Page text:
Spotted ray

Spotted ray

JD Scuba

Spotted ray

Scientific name: Raja montagui
The spotted ray is one of the smallest species of skate, growing to only 80 cm.

Species information


Length: Up to 80 cm
Weight: Up to 4.5 kg

Conservation status

The spotted ray is listed as Least Concern by the IUCN Red List.

When to see

Present all year round


The diamond-shaped spotted ray is one of the smallest skate species. It has a varied diet, eating crustaceans, worms and fish. The young often live in shallow areas near the coastline, known as nursery grounds, but adults are typically found further offshore.

Spotted rays are able to reproduce more quickly than some of the other skates, making them less vulnerable to overfishing.

Although it is commonly called the spotted ray, it is actually a species of skate (sometimes known as the spotted skate). Skates and rays are closely related and look similar, but you can spot the difference by looking at the tail. Skates have a short tail with small fins and no stinging capabilities, whereas rays have a long whip-like tail.

How to identify

The spotted ray has numerous dark spots all over its back, except for on the edge of its wings, and sometimes an eyespot is present on each wing.

It can be mistaken for the blonde ray, but there is an easy way to tell them apart! The spotted pattern on the spotted ray's back does not extend all the way to the very edge of its wings, leaving a plain brown/yellow edge.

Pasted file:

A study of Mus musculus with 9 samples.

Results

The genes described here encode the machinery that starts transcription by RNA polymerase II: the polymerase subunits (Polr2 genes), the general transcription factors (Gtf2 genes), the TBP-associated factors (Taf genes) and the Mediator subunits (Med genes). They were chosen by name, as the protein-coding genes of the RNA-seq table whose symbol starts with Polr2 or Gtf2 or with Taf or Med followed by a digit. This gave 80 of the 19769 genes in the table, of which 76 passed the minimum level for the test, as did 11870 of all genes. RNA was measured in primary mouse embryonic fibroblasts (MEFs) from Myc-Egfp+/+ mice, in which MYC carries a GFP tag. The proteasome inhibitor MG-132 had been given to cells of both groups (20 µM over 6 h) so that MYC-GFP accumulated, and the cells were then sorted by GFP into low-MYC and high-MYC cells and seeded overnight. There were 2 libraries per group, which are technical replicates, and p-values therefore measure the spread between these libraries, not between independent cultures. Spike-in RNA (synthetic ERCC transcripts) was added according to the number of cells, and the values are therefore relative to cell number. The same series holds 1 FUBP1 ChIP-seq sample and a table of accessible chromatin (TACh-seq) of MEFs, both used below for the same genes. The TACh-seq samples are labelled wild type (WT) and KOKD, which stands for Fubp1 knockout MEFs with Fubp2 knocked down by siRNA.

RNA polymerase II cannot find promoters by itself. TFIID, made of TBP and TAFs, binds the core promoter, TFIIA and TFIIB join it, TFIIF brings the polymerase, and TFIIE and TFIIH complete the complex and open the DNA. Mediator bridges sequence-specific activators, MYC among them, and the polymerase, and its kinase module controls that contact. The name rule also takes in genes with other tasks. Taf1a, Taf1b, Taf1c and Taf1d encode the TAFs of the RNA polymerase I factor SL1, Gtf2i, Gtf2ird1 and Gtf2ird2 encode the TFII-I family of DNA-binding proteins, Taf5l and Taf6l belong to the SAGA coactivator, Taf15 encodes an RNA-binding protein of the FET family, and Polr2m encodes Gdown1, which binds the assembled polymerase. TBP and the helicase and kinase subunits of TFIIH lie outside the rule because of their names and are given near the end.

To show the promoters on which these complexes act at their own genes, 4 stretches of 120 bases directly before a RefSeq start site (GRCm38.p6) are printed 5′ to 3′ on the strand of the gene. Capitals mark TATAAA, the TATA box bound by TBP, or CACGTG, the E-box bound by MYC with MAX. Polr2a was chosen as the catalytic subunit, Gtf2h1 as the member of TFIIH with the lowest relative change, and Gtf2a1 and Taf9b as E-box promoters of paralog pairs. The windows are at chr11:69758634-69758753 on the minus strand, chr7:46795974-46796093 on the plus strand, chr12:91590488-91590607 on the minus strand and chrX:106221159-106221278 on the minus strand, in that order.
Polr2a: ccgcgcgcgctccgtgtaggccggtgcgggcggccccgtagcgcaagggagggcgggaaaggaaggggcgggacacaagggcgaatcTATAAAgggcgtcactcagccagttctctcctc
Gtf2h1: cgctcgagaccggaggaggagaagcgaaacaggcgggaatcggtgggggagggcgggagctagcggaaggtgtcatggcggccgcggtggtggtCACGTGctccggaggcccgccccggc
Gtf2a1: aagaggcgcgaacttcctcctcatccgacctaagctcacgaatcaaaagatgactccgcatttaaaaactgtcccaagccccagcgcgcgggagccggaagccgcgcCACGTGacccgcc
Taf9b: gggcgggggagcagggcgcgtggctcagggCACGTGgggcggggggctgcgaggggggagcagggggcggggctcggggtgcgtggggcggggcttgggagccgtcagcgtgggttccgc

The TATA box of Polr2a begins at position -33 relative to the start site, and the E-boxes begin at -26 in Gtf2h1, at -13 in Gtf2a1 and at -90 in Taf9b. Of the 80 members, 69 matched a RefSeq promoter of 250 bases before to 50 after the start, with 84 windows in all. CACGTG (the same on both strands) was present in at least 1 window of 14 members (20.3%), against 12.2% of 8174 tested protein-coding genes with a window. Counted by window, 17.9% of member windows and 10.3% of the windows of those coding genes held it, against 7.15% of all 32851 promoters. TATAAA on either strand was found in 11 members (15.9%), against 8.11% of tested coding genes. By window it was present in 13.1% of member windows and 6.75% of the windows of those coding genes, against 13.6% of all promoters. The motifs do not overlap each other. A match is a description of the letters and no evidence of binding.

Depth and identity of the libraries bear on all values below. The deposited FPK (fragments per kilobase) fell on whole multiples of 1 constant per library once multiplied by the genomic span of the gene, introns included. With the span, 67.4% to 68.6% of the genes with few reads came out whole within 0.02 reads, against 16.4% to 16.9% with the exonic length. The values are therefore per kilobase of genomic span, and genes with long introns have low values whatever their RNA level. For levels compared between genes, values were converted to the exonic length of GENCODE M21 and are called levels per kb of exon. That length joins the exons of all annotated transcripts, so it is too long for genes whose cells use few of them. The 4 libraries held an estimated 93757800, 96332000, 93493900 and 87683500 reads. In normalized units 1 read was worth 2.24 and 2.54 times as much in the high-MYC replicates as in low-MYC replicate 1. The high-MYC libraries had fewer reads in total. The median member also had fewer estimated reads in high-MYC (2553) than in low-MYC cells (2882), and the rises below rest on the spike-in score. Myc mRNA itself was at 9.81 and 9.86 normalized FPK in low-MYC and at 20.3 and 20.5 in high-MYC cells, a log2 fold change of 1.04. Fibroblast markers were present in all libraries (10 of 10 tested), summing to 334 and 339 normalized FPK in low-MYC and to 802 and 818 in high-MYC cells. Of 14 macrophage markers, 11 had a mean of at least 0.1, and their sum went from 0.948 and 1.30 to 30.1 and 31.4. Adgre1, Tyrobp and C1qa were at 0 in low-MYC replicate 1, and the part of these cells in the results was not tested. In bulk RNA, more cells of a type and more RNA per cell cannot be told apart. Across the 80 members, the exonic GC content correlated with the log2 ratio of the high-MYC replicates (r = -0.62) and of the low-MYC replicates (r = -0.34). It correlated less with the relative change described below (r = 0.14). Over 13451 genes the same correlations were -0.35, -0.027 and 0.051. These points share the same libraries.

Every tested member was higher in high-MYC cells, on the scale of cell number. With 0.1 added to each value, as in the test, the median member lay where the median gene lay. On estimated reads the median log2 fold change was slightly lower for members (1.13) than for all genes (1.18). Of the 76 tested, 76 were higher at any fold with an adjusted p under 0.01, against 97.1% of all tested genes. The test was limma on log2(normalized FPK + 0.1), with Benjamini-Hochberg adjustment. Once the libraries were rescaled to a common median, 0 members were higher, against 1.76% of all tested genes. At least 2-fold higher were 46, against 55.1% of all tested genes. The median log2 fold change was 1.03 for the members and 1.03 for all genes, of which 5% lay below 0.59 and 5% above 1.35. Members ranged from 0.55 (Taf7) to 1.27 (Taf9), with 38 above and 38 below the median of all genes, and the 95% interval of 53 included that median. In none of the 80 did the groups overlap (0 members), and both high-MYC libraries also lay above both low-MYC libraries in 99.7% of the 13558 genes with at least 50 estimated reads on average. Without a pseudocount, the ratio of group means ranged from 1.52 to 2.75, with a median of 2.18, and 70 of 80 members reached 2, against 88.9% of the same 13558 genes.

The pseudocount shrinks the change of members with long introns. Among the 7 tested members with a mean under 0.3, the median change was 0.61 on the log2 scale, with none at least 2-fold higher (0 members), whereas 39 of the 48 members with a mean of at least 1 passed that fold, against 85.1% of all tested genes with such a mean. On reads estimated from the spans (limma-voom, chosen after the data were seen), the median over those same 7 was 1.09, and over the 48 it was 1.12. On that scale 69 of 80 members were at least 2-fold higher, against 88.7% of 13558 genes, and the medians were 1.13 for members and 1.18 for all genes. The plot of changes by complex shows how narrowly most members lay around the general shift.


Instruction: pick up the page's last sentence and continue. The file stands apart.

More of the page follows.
In our area

Spotted Ray are found in around the UK and is one of the most common species found in the English Channel! Juveniles tends to be found closer inshore on sandy sediments whereas adults are found offshore on a variety of different sediments. A possible sheltered nursery area has possibly been identified off the east coast of Ireland in Cardigan Bay due to the high abundance of juveniles that have been recorded there. Egg case records have also shown that there are also spotted ray nurseries found from Dublin to Waterford, Tralee and Dingle Bays and some bays in Connacht!  


Found in around the UK and is one of the most common species found in the English Channel.

Did you know?

The spotted ray has two holes on its back, right behind its eyes; these are called spiracles and help the spotted ray to breath when it is buried underneath the sand.

How people can help

The Wildlife Trusts are working with sea users, scientists, politicians and local people towards a vision of 'Living Seas', where marine wildlife thrives. Do your bit for our Living Seas by supporting your local Wildlife Trust or checking out our Action Pages.